Background: Millions of Americans have purchased insurance coverage through health insurance exchanges (HIX) created by the Affordable Care Act, but it is unknown whether these patients are facing barriers to care such as restricted networks or
limited appointment availability.
Methods: We performed an office survey and an audit study of thousands of primary care offices across 10 states. First, we estimated the in-network rate, defined as the share of offices that participated in at least one network for a given insurance
type (HIX plans, employer-sponsored insurance (ESI), or Medicaid). Second, we estimated the appointment availability rate, defined as the share of in-network offices that successfully scheduled an appointment with a simulated new patient randomized to a given
insurance type (HIX, ESI, or Medicaid).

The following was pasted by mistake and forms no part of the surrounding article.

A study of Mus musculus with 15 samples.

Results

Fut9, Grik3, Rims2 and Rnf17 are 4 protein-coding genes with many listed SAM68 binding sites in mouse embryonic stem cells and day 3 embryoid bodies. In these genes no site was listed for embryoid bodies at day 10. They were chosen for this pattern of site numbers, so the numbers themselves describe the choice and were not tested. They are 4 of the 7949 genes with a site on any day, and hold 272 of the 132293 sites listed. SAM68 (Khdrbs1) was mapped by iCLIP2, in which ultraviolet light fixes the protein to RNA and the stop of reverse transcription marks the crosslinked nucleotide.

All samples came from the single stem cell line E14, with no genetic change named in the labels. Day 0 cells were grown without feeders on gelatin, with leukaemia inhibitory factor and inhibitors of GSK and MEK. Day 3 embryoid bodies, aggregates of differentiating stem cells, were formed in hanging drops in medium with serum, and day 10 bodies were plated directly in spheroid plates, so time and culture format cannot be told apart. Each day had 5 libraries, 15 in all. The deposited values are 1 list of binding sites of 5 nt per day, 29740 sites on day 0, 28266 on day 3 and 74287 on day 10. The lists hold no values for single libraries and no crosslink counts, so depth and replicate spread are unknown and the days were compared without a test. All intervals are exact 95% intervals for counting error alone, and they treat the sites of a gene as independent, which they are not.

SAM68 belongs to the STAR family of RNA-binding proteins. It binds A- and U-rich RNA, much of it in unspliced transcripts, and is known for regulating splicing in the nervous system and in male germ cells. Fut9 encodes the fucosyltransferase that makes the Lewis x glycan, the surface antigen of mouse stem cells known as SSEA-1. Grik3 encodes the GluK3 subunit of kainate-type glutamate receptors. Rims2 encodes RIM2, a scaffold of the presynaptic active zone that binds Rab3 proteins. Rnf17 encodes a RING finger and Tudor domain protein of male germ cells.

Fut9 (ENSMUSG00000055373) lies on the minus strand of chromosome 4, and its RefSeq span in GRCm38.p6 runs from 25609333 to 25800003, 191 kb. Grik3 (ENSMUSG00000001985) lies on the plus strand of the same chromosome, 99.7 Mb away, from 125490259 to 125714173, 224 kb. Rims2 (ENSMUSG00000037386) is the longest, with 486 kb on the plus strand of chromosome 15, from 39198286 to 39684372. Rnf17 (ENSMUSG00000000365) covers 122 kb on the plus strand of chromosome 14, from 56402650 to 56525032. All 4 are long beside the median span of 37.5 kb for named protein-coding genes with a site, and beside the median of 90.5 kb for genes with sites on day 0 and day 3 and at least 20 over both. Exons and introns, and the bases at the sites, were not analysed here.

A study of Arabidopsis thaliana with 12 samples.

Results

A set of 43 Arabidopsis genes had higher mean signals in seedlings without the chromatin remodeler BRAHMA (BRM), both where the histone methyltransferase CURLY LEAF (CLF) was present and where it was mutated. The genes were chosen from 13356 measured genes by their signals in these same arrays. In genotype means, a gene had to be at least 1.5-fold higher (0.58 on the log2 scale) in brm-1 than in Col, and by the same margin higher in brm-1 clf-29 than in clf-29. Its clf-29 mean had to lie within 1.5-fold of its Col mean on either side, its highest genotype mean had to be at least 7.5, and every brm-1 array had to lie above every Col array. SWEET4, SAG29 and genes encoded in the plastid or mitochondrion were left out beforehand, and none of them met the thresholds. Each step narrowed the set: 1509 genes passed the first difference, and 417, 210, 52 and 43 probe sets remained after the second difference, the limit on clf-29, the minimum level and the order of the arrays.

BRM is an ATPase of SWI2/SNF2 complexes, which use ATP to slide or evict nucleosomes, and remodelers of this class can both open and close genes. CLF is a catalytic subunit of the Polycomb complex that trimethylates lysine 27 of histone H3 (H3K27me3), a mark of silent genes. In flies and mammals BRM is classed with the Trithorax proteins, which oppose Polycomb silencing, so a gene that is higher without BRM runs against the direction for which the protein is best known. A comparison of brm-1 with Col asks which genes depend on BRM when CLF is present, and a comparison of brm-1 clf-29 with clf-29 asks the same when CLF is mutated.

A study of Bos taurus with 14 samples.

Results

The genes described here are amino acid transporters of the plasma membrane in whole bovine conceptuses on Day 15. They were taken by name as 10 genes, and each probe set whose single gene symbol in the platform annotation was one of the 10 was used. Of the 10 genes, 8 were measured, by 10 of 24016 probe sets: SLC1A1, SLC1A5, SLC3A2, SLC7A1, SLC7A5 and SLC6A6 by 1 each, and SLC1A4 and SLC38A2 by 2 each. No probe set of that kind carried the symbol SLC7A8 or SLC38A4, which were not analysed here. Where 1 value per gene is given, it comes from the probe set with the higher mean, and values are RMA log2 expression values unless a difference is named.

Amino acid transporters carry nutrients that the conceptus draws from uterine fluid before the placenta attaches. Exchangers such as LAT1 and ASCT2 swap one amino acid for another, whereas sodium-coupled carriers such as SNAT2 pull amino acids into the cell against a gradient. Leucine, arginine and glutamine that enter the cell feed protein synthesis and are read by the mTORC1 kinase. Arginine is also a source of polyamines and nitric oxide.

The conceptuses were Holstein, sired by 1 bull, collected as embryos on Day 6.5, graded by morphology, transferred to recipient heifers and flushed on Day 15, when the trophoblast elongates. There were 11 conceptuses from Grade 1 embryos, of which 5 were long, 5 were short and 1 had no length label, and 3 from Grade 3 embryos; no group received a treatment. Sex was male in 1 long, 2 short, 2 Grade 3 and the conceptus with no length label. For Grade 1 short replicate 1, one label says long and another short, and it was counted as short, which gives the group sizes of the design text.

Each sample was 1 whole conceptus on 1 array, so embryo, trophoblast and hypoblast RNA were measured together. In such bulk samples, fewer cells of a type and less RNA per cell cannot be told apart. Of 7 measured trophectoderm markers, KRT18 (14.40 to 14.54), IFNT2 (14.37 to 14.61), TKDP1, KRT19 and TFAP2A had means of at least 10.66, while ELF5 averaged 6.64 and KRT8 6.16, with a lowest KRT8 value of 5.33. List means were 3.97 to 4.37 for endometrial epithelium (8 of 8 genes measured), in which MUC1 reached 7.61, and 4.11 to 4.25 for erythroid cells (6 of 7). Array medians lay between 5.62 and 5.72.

Results: We found that patients enrolled in HIX plans had an intermediate degree of difficulty in accessing in-network primary care physicians and scheduling appointments. Among primary care offices accepting ESI, 91% also participated in a network
for at least one HIX plan and 75% participated in a network for at least one Medicaid plan. Similarly, the appointment availability rate was 73% for HIX plans compared to 83% for ESI and 63% for Medicaid. These patterns were consistent across nearly all states.
Conclusions: The scope of primary care physician participation in HIX plans was wider than in Medicaid, but narrower than in ESI. These results provide insight into some of the challenges HIX patients face and can better inform policymakers about
the trade-offs involved in increasing coverage.